By Cindy Wooden
Catholic News Service
NEW YORK (CNS) – Using unusually strong words for an ecumenical prayer service, Pope Benedict XVI said the witness of Christians in the world is weakened not only by their divisions, but also by some communities turning their backs on Christian tradition.
"Communion with the church in every age," he said, is needed particularly "at the time when the world is losing its bearings and needs a persuasive common witness to the saving power of the gospel."
The pope met April 18 with about 250 representatives of U.S. ecumenical organizations and a dozen Christian churches and denominations for evening prayer at St. Joseph's Church in New York.
He began by praising the ecumenical commitment of U.S. Christians and acknowledging that the agreements found in their theological dialogues have contributed to the theological agreements later forged by the Vatican and its official dialogue partners.
But Pope Benedict also focused on ways the Christian obligation to share the good news of the gospel suffers in the modern world.
"Too often those who are not Christians, as they observe the splintering of Christian communities, are understandably confused about the gospel message itself," he said.
But another, growing problem lies in the fact that "fundamental Christian beliefs and practices are sometimes changed within communities by so-called 'prophetic actions' that are based" on a reading of Christianity "not always consonant" with that found in the Bible and in Christian tradition.
While the pope did not offer specific examples, he has in the past questioned Christian communities that have decided to ordain women to the priesthood and episcopacy or to bless homosexual unions and ordain openly gay men and women.
The pope's concerns obviously extend to the Anglican Communion and its troubled relations with the U.S. Episcopal Church and some dioceses in Canada.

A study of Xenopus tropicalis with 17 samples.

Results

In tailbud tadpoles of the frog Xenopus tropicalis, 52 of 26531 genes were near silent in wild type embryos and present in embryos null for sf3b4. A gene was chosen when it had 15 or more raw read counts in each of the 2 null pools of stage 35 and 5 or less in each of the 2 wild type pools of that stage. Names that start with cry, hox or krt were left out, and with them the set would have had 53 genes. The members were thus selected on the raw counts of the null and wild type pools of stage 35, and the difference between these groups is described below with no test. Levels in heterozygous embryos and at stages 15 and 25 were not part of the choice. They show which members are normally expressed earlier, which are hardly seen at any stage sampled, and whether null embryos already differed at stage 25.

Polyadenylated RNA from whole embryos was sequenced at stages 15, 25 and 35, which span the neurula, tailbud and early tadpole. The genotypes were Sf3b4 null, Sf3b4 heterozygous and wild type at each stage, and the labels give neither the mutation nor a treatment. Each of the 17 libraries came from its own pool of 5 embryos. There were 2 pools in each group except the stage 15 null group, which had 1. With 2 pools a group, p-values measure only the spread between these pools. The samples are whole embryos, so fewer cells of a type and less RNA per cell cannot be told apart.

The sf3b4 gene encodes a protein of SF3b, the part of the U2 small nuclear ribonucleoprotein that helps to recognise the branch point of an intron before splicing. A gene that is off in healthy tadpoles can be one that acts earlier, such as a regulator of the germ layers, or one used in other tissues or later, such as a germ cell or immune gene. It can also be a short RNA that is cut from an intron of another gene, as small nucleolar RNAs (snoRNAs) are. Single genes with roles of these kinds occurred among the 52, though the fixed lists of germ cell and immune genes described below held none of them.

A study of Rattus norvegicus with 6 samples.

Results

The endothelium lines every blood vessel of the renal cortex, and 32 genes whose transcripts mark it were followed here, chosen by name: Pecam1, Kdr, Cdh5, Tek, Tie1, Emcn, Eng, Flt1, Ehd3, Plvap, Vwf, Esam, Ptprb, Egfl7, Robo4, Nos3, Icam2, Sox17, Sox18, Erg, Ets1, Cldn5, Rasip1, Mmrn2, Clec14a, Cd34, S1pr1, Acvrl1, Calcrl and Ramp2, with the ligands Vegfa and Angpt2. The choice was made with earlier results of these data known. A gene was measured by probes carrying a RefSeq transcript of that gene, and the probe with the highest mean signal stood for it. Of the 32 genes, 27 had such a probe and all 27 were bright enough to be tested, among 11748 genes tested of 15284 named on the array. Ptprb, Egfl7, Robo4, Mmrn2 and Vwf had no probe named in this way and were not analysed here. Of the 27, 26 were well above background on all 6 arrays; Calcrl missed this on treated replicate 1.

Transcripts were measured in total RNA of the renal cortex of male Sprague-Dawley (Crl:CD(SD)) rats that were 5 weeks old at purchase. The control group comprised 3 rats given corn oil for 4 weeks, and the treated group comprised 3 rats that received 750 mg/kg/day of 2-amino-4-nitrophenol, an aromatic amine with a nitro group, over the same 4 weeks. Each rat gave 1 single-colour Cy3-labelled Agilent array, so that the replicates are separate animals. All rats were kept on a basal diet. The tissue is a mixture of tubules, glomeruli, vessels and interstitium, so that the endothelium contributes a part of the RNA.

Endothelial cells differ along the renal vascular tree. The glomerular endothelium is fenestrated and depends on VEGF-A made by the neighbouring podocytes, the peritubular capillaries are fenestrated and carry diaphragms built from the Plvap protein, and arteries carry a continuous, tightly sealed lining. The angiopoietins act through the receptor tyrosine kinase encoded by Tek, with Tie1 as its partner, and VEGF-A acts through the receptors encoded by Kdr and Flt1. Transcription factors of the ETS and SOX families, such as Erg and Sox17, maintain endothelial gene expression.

The Anglican Communion is attempting to find ways to strengthen its structures for ensuring that one national member does not take actions that make other members of the communion uncomfortable. At times, bishops have been named to oversee pastoral care of members who do not go along with the changes.
Pope Benedict said it was unfortunate that some church communities have given up "the attempt to act as a unified body, choosing instead to function according to the idea of 'local options.'"
The pope said he was concerned that in a world marked by a greater sense of global unity and interdependence, the feeling of "fragmentation and a retreat into individualism" is seen in Christian denominations just as it is in the world at large.
The unity of the early Christian community and the cohesion of its members "was based on the sound integrity of their doctrinal confession," the pope said.
But now, he said, there are signs that some Christians are taking the same "relativistic approach" to doctrine that many modern people take to moral and ethical values in general.
Christians cannot pretend that there is no such a thing as Christian truth, he said. The Christian faith is not a matter of picking and choosing what to believe and what to discard from the Scriptures and Christian tradition.
When Christians think they only need to follow their own consciences and find a church that suits their individual tastes, the result is a "continual proliferation of communities which often eschew institutional structures and minimize the importance of doctrinal content for Christian living," he said.
Pope Benedict said that when a church, like the Catholic Church, asserts its doctrines, it is not throwing up an obstacle to progress in Christian unity.
"A clear, convincing testimony to the salvation wrought for us in Christ Jesus has to be based upon the notion of normative apostolic teaching," he said. Christians must hold the faith that Jesus gave to his apostles.
Only by holding on to the sure teaching of the gospel, he said, will the Christian churches be able to find the basis for unity and for a united witness to a troubled world.